GREENBELT, Md. — Maryland leadership, in a news conference Friday, strenuously rejected claims that the decision process for the FBI headquarters was tainted and called the matter a done deal.
The U.S. General Services Administration announced Wednesday that the FBI would relocate to a new facility to be built in Greenbelt by the Metro station. In response, Virginia officials, along with FBI director Christopher Wray, called for a reversal of the decision, with Wray claiming in a letter to the agency last month that the GSA failed to address conflicts of interest in the selection process.
Gov. Wes Moore, along with Rep. Steny Hoyer and Sens. Ben Cardin and Chris Van Hollen, all D-Md., as well as other Maryland leaders, celebrated the decision Friday, while criticizing the statements made by Wray.
Cardin threw back some of the claims, calling out Wray for his actions.
“We saw the hand of the director of the FBI trying to change what should be a fair, competitive, open process to steer it to Virginia,” said Cardin. “The GSA has released all of the information on how they made the decision. Transparency, it’s there. Take a look at it — it’s not a close call.”
Finding the FBI a new headquarters has been an ongoing issue for more than decade. Hoyer described how former FBI director Robert Mueller came to him in 2009, describing the need for a new building and how the current headquarters is crumbling.
Van Hollen defended Nina Albert, the commissioner of GSA’s Public Buildings Service, who has been named in published reports as the official whom Wray claimed had a conflict of interest. Albert previously worked for the Washington Metropolitan Area Transit Authority, which owns the land where the new FBI headquarters will be located.
“It is absolutely wrong of director Chris Wray to impugn and question the character, the integrity and the independence of the site selection administrator,” said Van Hollen. “She’s an expert in the field of real estate and transit, she’s a public servant, and she had a distinguished career as an Army veteran.”
Virginia leadership, including Democratic U.S. Sen. Tim Kaine and Gov. Glenn Youngkin, a Republican, responded to the relocation decision, echoing some of the issues brought up by Wray: “We are deeply disturbed to learn that a political appointee at the General Services Administration overruled the unanimous recommendation of a three-person panel comprised of career experts from the GSA and the Federal Bureau of Investigation, concluding that Springfield, Virginia, is the site best suited for the new FBI headquarters. We have repeatedly condemned political interference in the independent, agency-run, site selection process for a new FBI headquarters. Any fair weighing of the criteria points to a selection of Virginia. It is clear that this process has been irrevocably undermined and tainted, and this decision must now be reversed.”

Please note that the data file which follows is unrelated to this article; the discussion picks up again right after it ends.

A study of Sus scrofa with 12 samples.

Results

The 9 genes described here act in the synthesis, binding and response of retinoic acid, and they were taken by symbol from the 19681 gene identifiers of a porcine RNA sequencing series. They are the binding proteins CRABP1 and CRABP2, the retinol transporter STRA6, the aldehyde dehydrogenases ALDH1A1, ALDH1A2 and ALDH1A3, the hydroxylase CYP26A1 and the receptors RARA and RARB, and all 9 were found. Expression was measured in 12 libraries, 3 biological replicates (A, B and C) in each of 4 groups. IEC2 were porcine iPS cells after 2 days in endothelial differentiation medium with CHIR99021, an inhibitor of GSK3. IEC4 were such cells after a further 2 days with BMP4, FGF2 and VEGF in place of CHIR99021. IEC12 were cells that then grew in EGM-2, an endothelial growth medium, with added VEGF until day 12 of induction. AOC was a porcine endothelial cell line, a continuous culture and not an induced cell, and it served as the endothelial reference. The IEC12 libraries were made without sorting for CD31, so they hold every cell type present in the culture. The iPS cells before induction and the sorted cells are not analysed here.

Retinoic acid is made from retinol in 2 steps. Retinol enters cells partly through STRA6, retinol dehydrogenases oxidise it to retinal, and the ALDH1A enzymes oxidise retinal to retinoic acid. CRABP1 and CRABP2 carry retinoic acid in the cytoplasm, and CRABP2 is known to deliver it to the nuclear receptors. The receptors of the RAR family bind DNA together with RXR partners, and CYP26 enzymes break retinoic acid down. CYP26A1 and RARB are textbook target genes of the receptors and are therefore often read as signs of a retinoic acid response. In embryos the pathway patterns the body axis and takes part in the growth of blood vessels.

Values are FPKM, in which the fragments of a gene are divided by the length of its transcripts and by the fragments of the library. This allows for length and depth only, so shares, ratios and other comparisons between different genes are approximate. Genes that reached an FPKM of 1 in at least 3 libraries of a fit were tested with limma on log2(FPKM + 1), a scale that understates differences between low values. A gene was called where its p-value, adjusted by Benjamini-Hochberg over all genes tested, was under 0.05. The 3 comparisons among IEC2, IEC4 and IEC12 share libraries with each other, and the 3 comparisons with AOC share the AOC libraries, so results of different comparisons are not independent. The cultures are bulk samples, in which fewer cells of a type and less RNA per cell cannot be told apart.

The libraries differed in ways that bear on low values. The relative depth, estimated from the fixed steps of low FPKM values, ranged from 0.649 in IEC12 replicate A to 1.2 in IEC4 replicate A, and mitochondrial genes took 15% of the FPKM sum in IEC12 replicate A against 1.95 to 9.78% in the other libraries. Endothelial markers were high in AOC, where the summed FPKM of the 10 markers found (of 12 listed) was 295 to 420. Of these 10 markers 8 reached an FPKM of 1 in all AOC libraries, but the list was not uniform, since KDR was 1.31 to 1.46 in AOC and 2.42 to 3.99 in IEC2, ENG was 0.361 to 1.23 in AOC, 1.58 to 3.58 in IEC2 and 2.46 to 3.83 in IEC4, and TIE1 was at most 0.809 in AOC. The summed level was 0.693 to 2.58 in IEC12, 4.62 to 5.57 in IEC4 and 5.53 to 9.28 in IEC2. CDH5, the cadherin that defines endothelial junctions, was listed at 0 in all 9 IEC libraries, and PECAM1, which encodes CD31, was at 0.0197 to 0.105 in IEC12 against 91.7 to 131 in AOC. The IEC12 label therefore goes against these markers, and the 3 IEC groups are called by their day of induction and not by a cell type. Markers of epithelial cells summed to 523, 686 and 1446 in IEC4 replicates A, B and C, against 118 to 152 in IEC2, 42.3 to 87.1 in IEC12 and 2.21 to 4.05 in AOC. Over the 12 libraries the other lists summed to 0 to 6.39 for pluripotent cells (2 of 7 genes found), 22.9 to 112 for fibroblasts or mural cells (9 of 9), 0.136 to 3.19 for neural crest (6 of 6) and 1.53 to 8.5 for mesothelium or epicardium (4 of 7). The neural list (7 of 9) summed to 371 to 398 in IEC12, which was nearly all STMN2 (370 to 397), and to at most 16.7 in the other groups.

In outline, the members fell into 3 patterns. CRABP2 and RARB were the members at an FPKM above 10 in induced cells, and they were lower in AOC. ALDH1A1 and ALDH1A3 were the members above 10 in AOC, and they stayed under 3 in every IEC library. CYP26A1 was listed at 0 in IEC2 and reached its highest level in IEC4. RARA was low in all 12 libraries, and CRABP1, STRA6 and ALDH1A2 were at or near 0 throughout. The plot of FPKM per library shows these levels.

GSA administrator Robin Carnahan responded to Wray, calling the claims of interference “unfounded” in a statement released Thursday.
“At every step, the GSA team has worked to incorporate the FBI’s feedback and appropriately address their concerns, including conducting a legal review of each concern raised,” Carnahan stated.
The new facility will sit on an undeveloped 61-acre plot, directly across from the Greenbelt Metro station. It is expected to be significantly cheaper than the Springfield site, the officials have said. Proximity to NASA, the University of Maryland College Park and the National Security Agency factored into the final decision.
At Friday’s news conference, Maryland leadership expressed repeatedly that they are confident that the decision is final.
To illustrate why he is sure the process will proceed, Hoyer brought up the attempt of Rep. Matt Gaetz, R-Fla., to restrict funding for the FBI’s new headquarters, which “lost overwhelmingly” in a vote Wednesday. Van Hollen echoed this sentiment
“I am confident that we will work with our colleagues to get it done because, as you heard in the House the other day, an effort to, I think, essentially claw back a lot of the monies that have already been there lost,” he said.
Moore didn’t touch on the Virginia officials’ comments, instead focusing on the benefits this project will bring Maryland and how Maryland is the right choice for the FBI. He also reiterated that the decision is final, and his attention is now directed at moving forward with the project.
“There’s no more deliberation; there’s no more questioning. It’s over. The FBI building will be coming to Maryland, and we could not be more excited,” said Moore. “This is going to bring over 7,500 jobs to the state of Maryland, will generate over $4 billion of economic activity, and this is gonna solidify our state as the tech and the cyber capital of the United States.”